But for many other tech startups, youth rules. Engineers roll into the office at 11 a.m., sometimes staying for all-night “hackathons.” Refrigerators are stocked with beer and Red Bull and ping-pong tournaments are scheduled for 8 p.m. The paucity of women at these companies has allowed many to ignore the issue. Just 17 per cent of technical jobs are filled by women at startups that are five years old, according to the U.S.-based National Center for Women and Information Technology.
“The young kids in Silicon Valley, the ones that are unmarried entrepreneurs, ain’t thinking about this,” says Mr. Donahoe, the eBay CEO. “For those that are having children, you see profound change.”
At age 52, Mr. Donahoe is a rare role model for younger families. In him they see a leader who compromised his own career at various points to support his wife’s. He still made it to the top, and she was later appointed U.S. ambassador to the UN Human Rights Council.
Mr. Donahoe met Eileen Chamberlain at Dartmouth College. They fell in love on their first date. The decision to get married three years later was the forming of a union they called “ChamberHoe.”
“It signalled partnership, it signalled mutual respect,” Mr. Donahoe says. “It wasn’t around 50/50. It didn’t get tactical. It was more philosophical.”
Since graduating college, and over the course of raising four children, both have made accommodations in support of each other’s careers. When Ms. Chamberlain was accepted to a graduate program at Harvard Divinity School, Mr. Donahoe went to work for Bain and Co. in Boston instead of accepting his first choice spot at Goldman Sachs in New York.
Their first child came in 1984, when Mr. Donahoe was studying at Stanford Business School, and the second in 1987 when he was back on the fast track at Bain and Ms. Chamberlain was at Stanford Law School. Their two boys were five and three years old when she finished law school and got a clerkship with a prominent federal judge. She had to be at her desk in the judge’s chambers every morning at 7:30 a.m.
Mr. Donahoe walked into his boss’ office. “I have to quit,” he said. “I have to take my kids to school every morning and I can never travel.” His boss refused the resignation. Instead, he found a local client for the firm and put Mr. Donahoe in charge. He went to 75-per-cent time, and scheduled no meetings before 10 a.m., the earliest he could arrive at the client offices after dropping Jack and Thomas at school.
“It’s not like it’s all motherhood and apple pie,” he says. “There were several people inside Bain that thought I was weak for going part-time, or less committed.” But, he says, it was always harder on his wife. When she got pregnant with their fourth child unexpectedly, six months after their third was born, Ms. Chamberlain had to decide whether she would continue working at Fenwick & West, the law firm where she did high-tech litigation, or stay home.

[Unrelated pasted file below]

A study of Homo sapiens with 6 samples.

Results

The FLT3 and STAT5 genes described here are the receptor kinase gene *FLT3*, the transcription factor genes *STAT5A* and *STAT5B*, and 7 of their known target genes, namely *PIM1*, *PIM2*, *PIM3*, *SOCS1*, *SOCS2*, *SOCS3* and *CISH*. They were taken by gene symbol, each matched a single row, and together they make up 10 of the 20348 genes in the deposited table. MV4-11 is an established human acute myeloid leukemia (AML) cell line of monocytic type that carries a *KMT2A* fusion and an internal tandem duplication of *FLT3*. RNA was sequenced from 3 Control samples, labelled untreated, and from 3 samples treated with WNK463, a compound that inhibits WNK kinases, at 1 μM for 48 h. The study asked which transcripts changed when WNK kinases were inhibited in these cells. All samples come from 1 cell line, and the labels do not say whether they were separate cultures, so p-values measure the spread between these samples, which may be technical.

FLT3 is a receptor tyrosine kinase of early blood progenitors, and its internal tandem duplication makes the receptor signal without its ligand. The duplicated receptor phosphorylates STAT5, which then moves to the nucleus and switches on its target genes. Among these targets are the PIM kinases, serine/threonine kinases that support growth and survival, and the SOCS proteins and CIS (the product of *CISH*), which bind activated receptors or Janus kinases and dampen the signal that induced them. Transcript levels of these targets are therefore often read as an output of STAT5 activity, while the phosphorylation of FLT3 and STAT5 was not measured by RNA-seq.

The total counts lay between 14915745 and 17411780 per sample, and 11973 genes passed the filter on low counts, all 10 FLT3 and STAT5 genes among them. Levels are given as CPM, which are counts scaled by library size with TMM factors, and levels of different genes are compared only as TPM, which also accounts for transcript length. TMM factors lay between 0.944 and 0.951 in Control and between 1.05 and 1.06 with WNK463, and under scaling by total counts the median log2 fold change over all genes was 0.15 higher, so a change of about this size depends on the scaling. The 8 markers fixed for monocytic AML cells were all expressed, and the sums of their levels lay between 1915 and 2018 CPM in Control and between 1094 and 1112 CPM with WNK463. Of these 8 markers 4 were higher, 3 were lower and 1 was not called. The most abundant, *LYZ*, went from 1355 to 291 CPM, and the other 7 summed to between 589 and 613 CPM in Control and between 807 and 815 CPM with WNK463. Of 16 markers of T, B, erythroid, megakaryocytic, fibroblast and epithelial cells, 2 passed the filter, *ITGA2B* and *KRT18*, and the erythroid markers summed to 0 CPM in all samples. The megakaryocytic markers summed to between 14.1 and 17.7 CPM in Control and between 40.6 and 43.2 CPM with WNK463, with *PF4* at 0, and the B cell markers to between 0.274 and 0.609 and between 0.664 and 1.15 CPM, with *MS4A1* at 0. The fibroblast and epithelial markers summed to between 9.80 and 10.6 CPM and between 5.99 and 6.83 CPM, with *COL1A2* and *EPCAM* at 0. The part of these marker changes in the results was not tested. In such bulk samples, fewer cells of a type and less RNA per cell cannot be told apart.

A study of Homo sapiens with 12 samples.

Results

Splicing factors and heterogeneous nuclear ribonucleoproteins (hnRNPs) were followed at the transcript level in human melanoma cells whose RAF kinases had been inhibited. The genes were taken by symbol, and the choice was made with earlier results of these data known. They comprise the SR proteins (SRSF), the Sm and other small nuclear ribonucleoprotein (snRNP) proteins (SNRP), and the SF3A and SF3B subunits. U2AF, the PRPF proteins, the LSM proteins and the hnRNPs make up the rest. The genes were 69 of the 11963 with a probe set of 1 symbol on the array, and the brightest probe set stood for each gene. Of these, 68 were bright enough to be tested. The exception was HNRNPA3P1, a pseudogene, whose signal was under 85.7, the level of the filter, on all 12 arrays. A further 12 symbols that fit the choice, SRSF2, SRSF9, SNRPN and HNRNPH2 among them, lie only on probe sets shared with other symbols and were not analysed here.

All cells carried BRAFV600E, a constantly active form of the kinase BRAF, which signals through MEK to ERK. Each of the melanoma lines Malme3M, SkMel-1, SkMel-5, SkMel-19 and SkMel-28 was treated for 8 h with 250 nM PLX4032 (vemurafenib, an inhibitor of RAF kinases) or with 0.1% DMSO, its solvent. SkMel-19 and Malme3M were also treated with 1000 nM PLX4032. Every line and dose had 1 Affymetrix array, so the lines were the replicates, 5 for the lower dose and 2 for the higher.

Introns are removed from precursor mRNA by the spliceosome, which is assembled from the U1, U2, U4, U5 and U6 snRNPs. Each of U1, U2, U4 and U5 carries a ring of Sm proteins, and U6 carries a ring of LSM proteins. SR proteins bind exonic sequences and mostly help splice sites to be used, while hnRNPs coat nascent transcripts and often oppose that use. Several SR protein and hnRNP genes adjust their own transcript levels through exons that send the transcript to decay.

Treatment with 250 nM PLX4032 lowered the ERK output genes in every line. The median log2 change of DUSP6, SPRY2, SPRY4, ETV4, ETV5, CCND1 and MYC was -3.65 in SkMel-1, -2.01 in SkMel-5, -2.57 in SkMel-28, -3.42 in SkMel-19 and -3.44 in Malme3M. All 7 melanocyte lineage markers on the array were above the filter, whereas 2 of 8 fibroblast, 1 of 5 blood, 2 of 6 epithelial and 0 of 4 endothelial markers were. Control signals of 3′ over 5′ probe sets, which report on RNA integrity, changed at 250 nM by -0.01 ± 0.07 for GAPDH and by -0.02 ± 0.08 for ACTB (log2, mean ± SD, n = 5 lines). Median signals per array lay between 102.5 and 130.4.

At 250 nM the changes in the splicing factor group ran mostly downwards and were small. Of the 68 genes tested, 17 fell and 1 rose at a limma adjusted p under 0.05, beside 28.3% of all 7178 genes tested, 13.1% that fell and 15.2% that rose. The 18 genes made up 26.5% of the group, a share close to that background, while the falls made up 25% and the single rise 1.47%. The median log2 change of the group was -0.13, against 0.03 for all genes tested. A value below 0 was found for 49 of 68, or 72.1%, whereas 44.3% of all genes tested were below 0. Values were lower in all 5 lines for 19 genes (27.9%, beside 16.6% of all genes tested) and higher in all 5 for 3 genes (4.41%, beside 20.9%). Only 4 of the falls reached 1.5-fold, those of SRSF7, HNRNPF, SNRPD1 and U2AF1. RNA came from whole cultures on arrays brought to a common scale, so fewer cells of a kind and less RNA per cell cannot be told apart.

“I felt so confused. I wanted both,” she says. “Having four children, the level of difficulty ramped up dramatically. That was the first time I really became aware of how difficult it was to balance John’s needs and ambitions, my needs and ambitions, and the well-being of our children.”
She decided to leave work. No longer having a formal job stirred up a lot of questions about her identity. Over the next decade, she took classes in sociology, philosophy, feminist theory and theology, eventually earning her PhD. The path led to U.S. President Barack Obama offering her the ambassadorship for human rights in 2010.
Mr. Donahoe now looks to his own experience to influence how eBay is managed. He helped start a women’s network, which counts the company’s top 400 women leaders as members, and refashioned several jobs for talented employees as they started families, as his boss at Bain did for him.
But with 5,000 managers, it can be difficult to spread the message to everyone. The dominant youth culture of Silicon Valley still infects the ranks of a large company like eBay. “The problem is if you’ve got a woman who wants to figure out a part-time arrangement, and her boss is a 29-year-old single man,” he says. “I can give all the training in the world, and he’s not going to be sophisticated about how to deal with that.”
Adam Chambers, 40, is an entrepreneur in two ways. In the conventional sense, he’s starting his own company, an app for ordering wine. He’s also a new father, and choosing to go the start-up route was a deliberate move to create more time for his daughter Zoe, who just turned one.
He turned down offers to do business development for some large companies, wanting to avoid the long days, travel and “pressure cooker” culture. His wife Laura is head of university programs at eBay, and they decided one such job was enough.